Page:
Widgets Magazine


Why we came to work with Edith Sheffer

Last week, we learned that our doctoral advisor Edith Sheffer, an assistant professor of modern European history here at Stanford, was denied tenure. We are shocked and saddened by this news and suspect that many Stanford students will feel the same way. Undergraduates will know her well-deserved reputation as a prizewinning and innovative teacher. As graduate students, we know her as an engaged mentor and the author of groundbreaking research in German history. The decision not to award her tenure is a profound loss for Stanford and its students.

Edith’s first book, “Burned Bridge: How East and West Germans Made the Iron Curtain,” is a pioneering social history of the Iron Curtain. It tells the story of two small towns separated by the border between East and West Germany. In addition to her  meticulous research in 14 archives, Edith conducted 50 interviews with local residents to uncover the “wall in the head” that kept East and West Germans estranged from each other for more than half a century.

The American Historical Review, the top history journal in the United States, deemed “Burned Bridge” “brilliant,” while the New Republic raved that it was “a model of the genre.” “Burned Bridge” is esteemed among scholars, and it is also assigned in many undergraduate lecture courses and graduate seminars across the country. The book won three awards, including the Paul Birdsall Prize in European Military and Strategic History from the American Historical Association. Edith was the first woman to receive this prize since it was established in 1985.

Edith’s second book, “Asperger’s Children: The Origins of Autism in Nazi Vienna,” will appear with W.W. Norton next year. This work uncovers the disturbing complicity of Hans Asperger, the Austrian physician best known for his work with autistic children, in the euthanasia machine of Nazi Germany. Edith is already hard at work on her third book, tentatively titled “Hidden Front: Switzerland and World War Two.”

Edith’s scholarly accomplishments are obviously considerable — but it is her work as a teacher and committed mentor that we know perhaps best of all.

Each of us has witnessed Edith’s passion for historical education firsthand, working with her on undergraduate lectures or leading seminars by her side. Her action-packed courses confront students with a vast and exciting array of primary sources, from propaganda videos to popular music, from recruitment posters to novels and photographs. Students in her classes are not presented with potted histories drawn from textbooks but rather with Edith’s own cutting-edge arguments and interpretations. As a result, Edith’s courses force students to think critically about the past and question their own actions in the present.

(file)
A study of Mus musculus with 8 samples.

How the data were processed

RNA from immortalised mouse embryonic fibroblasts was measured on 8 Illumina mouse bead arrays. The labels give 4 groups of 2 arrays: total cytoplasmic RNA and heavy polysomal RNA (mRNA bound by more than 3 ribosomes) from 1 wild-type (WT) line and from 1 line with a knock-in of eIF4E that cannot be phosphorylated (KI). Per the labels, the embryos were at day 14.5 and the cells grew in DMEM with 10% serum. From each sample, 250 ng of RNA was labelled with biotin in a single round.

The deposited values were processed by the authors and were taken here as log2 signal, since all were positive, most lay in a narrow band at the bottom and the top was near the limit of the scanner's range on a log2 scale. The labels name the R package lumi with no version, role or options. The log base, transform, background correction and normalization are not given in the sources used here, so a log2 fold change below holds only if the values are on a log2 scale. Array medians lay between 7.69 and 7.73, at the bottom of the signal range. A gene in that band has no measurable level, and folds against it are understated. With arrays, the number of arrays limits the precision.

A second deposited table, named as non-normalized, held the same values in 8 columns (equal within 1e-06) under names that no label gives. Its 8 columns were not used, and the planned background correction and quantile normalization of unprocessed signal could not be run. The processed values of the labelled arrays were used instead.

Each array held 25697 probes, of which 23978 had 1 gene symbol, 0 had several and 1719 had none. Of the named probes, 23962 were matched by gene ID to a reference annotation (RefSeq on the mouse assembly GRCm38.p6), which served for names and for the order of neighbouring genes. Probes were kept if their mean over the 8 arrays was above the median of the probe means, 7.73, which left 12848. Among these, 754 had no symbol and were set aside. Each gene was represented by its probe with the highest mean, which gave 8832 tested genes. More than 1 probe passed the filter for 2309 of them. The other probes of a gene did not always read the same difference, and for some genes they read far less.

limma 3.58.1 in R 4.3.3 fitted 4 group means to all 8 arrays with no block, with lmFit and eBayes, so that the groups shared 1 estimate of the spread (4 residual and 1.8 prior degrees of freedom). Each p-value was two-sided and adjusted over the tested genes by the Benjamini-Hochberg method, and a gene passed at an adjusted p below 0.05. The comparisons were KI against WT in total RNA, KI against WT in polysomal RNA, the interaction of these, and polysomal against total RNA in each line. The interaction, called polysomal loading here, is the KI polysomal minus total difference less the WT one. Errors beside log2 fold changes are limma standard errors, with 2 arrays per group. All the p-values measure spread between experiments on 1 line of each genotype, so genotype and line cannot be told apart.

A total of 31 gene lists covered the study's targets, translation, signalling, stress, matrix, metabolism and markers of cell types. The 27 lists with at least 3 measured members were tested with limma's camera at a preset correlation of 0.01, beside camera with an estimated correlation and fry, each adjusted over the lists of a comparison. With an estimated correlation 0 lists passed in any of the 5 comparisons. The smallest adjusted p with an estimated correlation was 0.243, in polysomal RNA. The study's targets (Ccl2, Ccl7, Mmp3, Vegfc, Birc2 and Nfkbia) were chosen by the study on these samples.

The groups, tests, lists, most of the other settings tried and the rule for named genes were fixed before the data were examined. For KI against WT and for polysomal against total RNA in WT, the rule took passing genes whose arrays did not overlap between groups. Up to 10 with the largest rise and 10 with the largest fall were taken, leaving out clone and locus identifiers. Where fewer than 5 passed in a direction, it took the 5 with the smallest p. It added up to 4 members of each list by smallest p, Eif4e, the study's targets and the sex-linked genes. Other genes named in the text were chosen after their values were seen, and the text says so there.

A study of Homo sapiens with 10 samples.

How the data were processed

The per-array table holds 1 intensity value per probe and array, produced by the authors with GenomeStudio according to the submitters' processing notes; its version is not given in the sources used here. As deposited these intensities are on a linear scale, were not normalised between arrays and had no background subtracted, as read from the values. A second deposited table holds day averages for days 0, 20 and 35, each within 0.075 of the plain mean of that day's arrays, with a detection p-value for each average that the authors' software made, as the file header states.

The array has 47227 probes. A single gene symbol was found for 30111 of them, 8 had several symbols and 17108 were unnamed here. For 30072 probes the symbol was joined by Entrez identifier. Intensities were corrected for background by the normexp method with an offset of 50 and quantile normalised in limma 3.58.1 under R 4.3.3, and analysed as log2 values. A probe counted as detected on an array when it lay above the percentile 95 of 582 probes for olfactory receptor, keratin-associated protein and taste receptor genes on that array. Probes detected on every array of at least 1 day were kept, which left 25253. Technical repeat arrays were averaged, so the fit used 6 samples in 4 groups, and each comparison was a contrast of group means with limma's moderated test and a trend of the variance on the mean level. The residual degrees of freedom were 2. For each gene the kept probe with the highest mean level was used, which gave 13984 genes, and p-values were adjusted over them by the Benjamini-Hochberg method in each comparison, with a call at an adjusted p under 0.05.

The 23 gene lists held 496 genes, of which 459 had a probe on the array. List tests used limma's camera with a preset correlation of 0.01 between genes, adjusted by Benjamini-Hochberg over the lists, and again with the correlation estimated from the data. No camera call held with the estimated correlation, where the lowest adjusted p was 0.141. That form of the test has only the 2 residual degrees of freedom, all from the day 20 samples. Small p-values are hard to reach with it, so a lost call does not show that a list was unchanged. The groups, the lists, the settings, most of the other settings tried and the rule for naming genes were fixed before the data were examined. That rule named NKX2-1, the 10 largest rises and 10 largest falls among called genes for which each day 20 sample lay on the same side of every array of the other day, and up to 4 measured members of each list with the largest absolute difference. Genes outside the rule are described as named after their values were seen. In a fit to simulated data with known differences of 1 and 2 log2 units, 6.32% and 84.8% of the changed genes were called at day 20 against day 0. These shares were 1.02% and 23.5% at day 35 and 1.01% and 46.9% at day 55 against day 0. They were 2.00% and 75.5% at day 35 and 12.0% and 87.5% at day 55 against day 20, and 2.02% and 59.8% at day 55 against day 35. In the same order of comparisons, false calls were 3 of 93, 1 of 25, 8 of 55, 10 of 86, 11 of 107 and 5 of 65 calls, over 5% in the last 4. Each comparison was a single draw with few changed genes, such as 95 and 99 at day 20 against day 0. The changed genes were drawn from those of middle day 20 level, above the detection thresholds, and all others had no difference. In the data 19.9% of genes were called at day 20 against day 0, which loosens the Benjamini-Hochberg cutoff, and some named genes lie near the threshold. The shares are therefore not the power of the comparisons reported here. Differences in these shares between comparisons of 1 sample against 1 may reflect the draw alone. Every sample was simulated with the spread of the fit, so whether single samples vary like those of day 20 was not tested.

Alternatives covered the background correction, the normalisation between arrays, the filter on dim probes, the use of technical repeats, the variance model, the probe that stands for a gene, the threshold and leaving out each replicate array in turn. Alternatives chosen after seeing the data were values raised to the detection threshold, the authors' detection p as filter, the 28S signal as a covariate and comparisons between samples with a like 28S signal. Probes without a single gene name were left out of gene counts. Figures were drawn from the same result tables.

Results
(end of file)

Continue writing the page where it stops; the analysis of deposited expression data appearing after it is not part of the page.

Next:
Edith delights in testing the assumptions of her students — suggesting, for instance, that most members of what she terms Germany’s “muddled majority” in fact supported Nazism — and raising important questions about the present. Indeed, Edith brings a real sense of urgency to her teaching, so convinced is she that the past matters profoundly. She insists that her students put their training and historical imagination to use, encouraging students in her surveillance seminar, for example, to write and publish op-eds informed by history. Over the course of her time at Stanford, she has won multiple major teaching awards, most recently Stanford Phi Beta Kappa’s teaching prize in 2015.

Nationally, Edith is known for her award-winning “Creating Lives” program. Edith asks her undergraduate students in German history to write imaginative, yet analytical and carefully documented, diary entries from the perspective of a fictional character they create at the beginning of the course. These entries allow students to follow their own research interests and delve more deeply into the world of Nazi Germany. It is an unparalleled way of helping undergraduates understand how atrocities came about through the everyday involvement of ordinary people. Edith’s “Creating Lives” approach has been adopted by teachers across the country and deployed in high schools, community colleges and universities.

As her doctoral students, we have been lucky to benefit from Edith’s historical expertise, excellence in teaching and compassionate mentorship. A fierce advocate for our interests, she has also constantly pressed us to become better teachers and more imaginative scholars. Her expectations for our work are high. So, too, is her confidence in our ability to contribute as historians. She has given us the confidence and support needed to rethink old assumptions and produce original work that we can be proud of. This kind of support is invaluable for young scholars.

Perhaps most remarkable, Edith’s high expectations for us have always been paired with genuine human interest and concern for our weaknesses and uncertainties. She cares deeply about our personal well-being and has been a remarkable source of strength, guidance and friendship for each of us as we have navigated our lives in academia. We cannot imagine our Stanford experience without her.

The decision to deny Edith tenure will deprive the University of a scholar, teacher and mentor of unusual brilliance, integrity and warmth. Inspired by her outstanding example as an historian and educator, we are proud to be Edith’s doctoral students. We know that many undergraduates and faculty will miss her presence on campus and her contributions to Stanford’s rich intellectual community. We’ll miss her, too.

Those who wish to express their support for Edith are invited to do so here.

 Ian Beacock, Michelle Chang, Benjamin Hein, Samuel Huneke and Michelle Kahn

The authors are doctoral students in Stanford’s Department of History.


Contact Ian Beacock at beacock ‘at’ stanford.edu.